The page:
Journal article
Authors C. N. Leung
B. S. Canter
D. Rajon
Tom Bäck
J. C. Fritton
E. I. Azzam
R. W. Howell
Published in Journal of Nuclear Medicine
Volume 61
Issue 1
Pages 89-95
ISSN 0161-5505
Publication year 2020
Published at Institute of Clinical Sciences, Department of Radiation Physics
Pages 89-95
Language en
Links dx.doi.org/10.2967/jnumed.119.22783...
Keywords alpha-particle, irradiation, bystander effect, breast cancer, Ra-223, intercellular communication, radium-223 dichloride, emitting ra-223, tumor-cells, metastases, survival, damage, ra-223-dichloride, radiosensitivity, biodistribution, Radiology, Nuclear Medicine & Medical Imaging
Subject categories Radiology, Nuclear Medicine and Medical Imaging, Cancer and Oncology

Abstract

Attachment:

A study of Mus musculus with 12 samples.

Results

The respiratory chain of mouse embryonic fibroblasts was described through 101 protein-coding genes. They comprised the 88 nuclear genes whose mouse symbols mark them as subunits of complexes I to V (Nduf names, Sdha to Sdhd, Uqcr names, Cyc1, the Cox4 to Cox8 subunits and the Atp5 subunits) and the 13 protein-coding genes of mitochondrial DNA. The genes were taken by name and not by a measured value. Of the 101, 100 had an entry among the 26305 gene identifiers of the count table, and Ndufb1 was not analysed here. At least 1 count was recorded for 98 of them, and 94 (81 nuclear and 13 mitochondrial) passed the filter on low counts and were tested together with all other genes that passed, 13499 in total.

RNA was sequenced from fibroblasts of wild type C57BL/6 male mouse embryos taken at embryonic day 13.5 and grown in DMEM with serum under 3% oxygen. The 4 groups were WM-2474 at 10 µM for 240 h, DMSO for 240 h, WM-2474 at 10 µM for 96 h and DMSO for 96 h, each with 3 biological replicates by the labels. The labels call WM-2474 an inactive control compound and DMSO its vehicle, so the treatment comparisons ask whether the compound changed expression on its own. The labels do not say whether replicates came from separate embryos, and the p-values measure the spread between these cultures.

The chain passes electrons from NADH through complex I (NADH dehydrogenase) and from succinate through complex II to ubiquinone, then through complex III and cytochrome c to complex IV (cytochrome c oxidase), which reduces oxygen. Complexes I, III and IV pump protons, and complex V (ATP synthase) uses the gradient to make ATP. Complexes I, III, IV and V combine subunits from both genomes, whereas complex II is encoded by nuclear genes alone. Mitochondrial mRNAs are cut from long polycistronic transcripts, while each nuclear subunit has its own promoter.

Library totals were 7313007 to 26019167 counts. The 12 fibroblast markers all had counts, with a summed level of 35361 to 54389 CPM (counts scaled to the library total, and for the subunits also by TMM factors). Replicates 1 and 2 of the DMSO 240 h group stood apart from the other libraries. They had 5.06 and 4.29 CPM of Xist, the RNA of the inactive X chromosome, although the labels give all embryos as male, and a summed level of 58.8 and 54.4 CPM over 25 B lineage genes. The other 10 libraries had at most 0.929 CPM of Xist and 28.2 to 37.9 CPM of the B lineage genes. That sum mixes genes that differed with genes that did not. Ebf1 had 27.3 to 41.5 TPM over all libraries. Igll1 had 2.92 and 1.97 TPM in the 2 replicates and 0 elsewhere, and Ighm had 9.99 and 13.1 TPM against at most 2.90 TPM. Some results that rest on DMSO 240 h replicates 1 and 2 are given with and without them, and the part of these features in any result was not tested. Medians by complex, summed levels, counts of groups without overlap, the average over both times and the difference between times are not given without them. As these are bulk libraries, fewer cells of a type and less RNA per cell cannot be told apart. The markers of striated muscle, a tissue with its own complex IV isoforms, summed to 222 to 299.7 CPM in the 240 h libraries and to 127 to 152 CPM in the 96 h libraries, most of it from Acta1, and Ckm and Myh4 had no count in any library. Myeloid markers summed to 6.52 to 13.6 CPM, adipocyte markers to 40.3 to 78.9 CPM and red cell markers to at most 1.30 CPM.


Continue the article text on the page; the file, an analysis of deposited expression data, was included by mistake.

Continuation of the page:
The role of radiation-induced bystander effects in radiation therapy remains unclear. With renewed interest in therapy with alpha-particle emitters, and their potential for sterilizing disseminated tumor cells (DTCs), it is critical to determine the contribution of bystander effects to the overall response so they can be leveraged for maximum clinical benefit. Methods: Female Foxn1(nu) athymic nude mice were administered 0, 50, or 600 kBq/kg (RaCl2)-Ra-223 to create bystander conditions. At 24 hours after administration, MDA-MB-231 or MCF-7 human breast cancer cells expressing luciferase were injected into the tibial marrow compartment. Tumor burden was tracked weekly via bioluminescence. Results: The MDA-MB-231 xenografts were observed to have a 10-day growth delay in the 600 kBq/kg treatment group only. In contrast, MCF-7 cells had 7-and 65-day growth delays in the 50 and 600 kBq/kg groups, respectively. Histologic imaging of the tibial marrow compartment, alpha-camera imaging, and Monte Carlo dosimetry modeling revealed DTCs both within and beyond the range of the alpha-particles emitted from Ra-223 in bone for both MCF-7 and MDA-MB-231 cells. Conclusion: Taken together, these results support the participation of Ra-22(3)-induced antiproliferative/cytotoxic bystander effects in delayed growth of DTC xenografts. They indicate that the delay depends on the injected activity and therefore is dose-dependent. They suggest using (RaCl2)-Ra-223 as an adjuvant treatment for select patients at early stages of breast cancer.